London Stone – the myths and history of this City landmark explored
What is the London Stone and why is it famous?
Many of us have heard the urban myth about the ravens at the Tower of London, claiming the Crown and Britain ‘will fall’ if they leave. However, there’s another old legend tying the capital’s success to a piece of stone.
The London Stone has been a part of the city’s history for centuries, yet so many Londoners haven’t even heard of it. Today, the London Stone stands on bustling Cannon Street, protected from the elements in a display in the wall of a modern office building. The block of oolitic limestone measures 53m x 43cm x 30cm, although was originally much bigger. The London Stone was first recorded in 1100, although its origins are believed to date back much earlier. Some historians believe the stone has been in situ since the Romans occupied London, perhaps being related to the local governor’s palace, which stood on the current site of Cannon Street railway station. It’s also been claimed that King Arthur pulled his sword Excalibur from it.
In Medieval London, it stood on the south side of Candelwrichstrete (Candlewright Street), which was widened to create Cannon Street in the 17th century. It was a popular landmark and listed on many maps of the area. A French visitor to London in 1578 described the Stone as having much larger dimensions of 90cm x 60cm x 30cm. London historian John Stow wrote in 1598 of “a great stone called London stone” adding it was “pitched upright… fixed in the ground verie deep, fastned with bars of iron”. The Stone is even mentioned in William Shakespeare‘s Henry IV, Part II in the 1590s. The scene refers to Jack Cade, leader of the Kentish rebellion in 1450, striking the London Stone with his sword and declaring himself Lord Mayor of London.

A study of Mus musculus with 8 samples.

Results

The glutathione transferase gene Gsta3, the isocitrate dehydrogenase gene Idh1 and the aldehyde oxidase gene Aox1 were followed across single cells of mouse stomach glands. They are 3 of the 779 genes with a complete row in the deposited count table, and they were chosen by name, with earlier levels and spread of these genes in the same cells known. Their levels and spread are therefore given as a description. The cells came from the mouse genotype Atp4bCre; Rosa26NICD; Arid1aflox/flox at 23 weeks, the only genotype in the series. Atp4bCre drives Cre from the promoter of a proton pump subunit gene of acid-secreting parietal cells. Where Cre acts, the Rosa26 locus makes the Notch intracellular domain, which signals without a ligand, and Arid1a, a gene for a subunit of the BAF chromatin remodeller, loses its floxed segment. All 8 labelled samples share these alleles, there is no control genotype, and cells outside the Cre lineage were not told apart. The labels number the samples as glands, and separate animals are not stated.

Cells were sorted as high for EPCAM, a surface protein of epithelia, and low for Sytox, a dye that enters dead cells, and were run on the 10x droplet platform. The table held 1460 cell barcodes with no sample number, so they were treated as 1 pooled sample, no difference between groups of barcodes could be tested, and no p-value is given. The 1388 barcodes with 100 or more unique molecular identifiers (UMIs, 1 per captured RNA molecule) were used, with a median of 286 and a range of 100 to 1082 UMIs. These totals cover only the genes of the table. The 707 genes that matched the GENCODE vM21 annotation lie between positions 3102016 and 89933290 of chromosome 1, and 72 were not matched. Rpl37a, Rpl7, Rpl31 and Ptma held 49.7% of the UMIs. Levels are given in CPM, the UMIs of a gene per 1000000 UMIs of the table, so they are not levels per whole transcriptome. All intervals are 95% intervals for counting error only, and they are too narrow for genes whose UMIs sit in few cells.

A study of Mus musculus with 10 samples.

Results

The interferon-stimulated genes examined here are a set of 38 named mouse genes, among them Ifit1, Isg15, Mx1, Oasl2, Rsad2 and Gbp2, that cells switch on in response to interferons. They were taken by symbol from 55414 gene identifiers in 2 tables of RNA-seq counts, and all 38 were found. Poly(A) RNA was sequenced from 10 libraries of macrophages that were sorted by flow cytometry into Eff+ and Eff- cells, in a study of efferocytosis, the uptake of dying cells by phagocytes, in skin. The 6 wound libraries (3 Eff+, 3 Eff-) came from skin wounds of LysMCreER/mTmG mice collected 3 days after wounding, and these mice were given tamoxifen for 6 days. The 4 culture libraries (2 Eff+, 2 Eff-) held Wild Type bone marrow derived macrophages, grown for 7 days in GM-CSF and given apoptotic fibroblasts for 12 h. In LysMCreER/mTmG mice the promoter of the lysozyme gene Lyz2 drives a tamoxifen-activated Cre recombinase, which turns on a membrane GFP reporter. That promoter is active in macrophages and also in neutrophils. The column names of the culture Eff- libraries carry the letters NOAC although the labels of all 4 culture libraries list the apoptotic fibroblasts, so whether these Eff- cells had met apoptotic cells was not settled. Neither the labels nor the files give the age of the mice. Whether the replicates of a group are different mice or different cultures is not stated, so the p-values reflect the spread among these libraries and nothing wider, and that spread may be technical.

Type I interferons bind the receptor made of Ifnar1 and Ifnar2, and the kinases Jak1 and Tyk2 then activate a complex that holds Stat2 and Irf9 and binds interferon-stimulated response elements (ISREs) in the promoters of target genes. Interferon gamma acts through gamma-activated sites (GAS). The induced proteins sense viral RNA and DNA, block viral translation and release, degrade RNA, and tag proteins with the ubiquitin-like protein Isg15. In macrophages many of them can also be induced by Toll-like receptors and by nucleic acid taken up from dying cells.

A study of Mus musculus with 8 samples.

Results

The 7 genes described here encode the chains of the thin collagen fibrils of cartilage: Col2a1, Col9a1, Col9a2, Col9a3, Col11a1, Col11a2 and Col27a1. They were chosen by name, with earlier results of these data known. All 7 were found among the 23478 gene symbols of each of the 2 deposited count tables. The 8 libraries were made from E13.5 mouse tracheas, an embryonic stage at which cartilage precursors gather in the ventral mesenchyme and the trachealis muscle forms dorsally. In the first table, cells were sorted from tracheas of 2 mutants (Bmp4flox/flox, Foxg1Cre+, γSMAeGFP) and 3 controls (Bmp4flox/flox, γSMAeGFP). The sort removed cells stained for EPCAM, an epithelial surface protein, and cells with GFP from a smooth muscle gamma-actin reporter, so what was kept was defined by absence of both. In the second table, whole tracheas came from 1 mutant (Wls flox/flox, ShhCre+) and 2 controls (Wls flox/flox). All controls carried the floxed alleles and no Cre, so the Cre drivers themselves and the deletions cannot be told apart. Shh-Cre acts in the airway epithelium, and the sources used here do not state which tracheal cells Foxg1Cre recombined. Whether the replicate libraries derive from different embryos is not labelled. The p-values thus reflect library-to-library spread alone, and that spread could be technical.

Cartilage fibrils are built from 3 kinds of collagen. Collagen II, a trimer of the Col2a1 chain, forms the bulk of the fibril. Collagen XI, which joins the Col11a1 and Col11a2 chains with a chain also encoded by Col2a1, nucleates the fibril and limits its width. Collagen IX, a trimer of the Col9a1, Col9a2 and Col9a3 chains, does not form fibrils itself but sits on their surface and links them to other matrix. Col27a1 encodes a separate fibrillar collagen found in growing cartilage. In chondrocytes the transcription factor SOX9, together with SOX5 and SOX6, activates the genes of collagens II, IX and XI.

Although the reason for the Stone’s reduction in size is not known, it’s highly likely it was damaged during the Great Fire of London in 1666. By 1742, the Stone was considered an obstruction to traffic so was moved to the north side of Cannon Street, beside the door to the Church of St Swithun, London Stone. Fifty-six years later, it was moved again when it was built into the south wall of the Church. It was during the 18th century that it was claimed the success of London depended on the stone’s survival. Georgian writers claimed there was an ‘old saying’ referring to the London Stone’s other name as ‘the Stone of Brutus’. It read: “So long as the Stone of Brutus is safe, so long will London flourish.” In the 1820s, it was relocated a third time when it was set on its own plinth in the middle of the church wall. It was later covered by a protective iron grille at the request of the London and Middlesex Archaeological Society in 1869.
After 150 years of being sheltered by the church, the London Stone narrowly avoided complete destruction during World War II. Unfortunately, the Christopher Wren-designed St Swithun wasn’t so lucky and was bombed in 1940. The ruins were eventually demolished in 1962, with archaeologists discovering remains of a Roman road underneath, further fuelling speculation of the Stone’s Roman origins.
During the 1960s, the site of the church was replaced by a modern office block, which was home to the Bank of China. The London Stone was built into the uninspiring block and, just as before, protected behind an iron grille. A bronze plaque nearby read: London Stone: “This is a fragment of the original piece of limestone once securely fixed in the ground now fronting Cannon Street Station. Removed in 1742 to the north side of the street, in 1798 it was built into the south wall of the Church of St. Swithun London Stone which stood here until demolished in 1962. Its origin and purpose are unknown but in 1188 there was a reference to Henry, son of Eylwin de Lundenstane, subsequently Lord Mayor of London.”
In June 1972, the Stone, its Georgian surround and Victorian grille were designated a Grade II listed structure. Moving into the 21st century, the Stone remained in situ in the side of a ground-floor branch of a WHSmith until 2016. When plans were made to demolished the Sixties building and replace it with another, the London Stone was moved to the Museum of London for safe-keeping for two years. Finally, in October 2018, it was unveiled back in its original home, but with a new presentation plinth and glass instead of an iron grille to allow Londoners to see the capital’s old relic. While we’ll probably never know the true origin of this stone, at least its been preserved for future Londoners and visitors to the City.
- London Stone, 111 Cannon Street, City of London, EC4N 5AR. Nearest station: Cannon Street.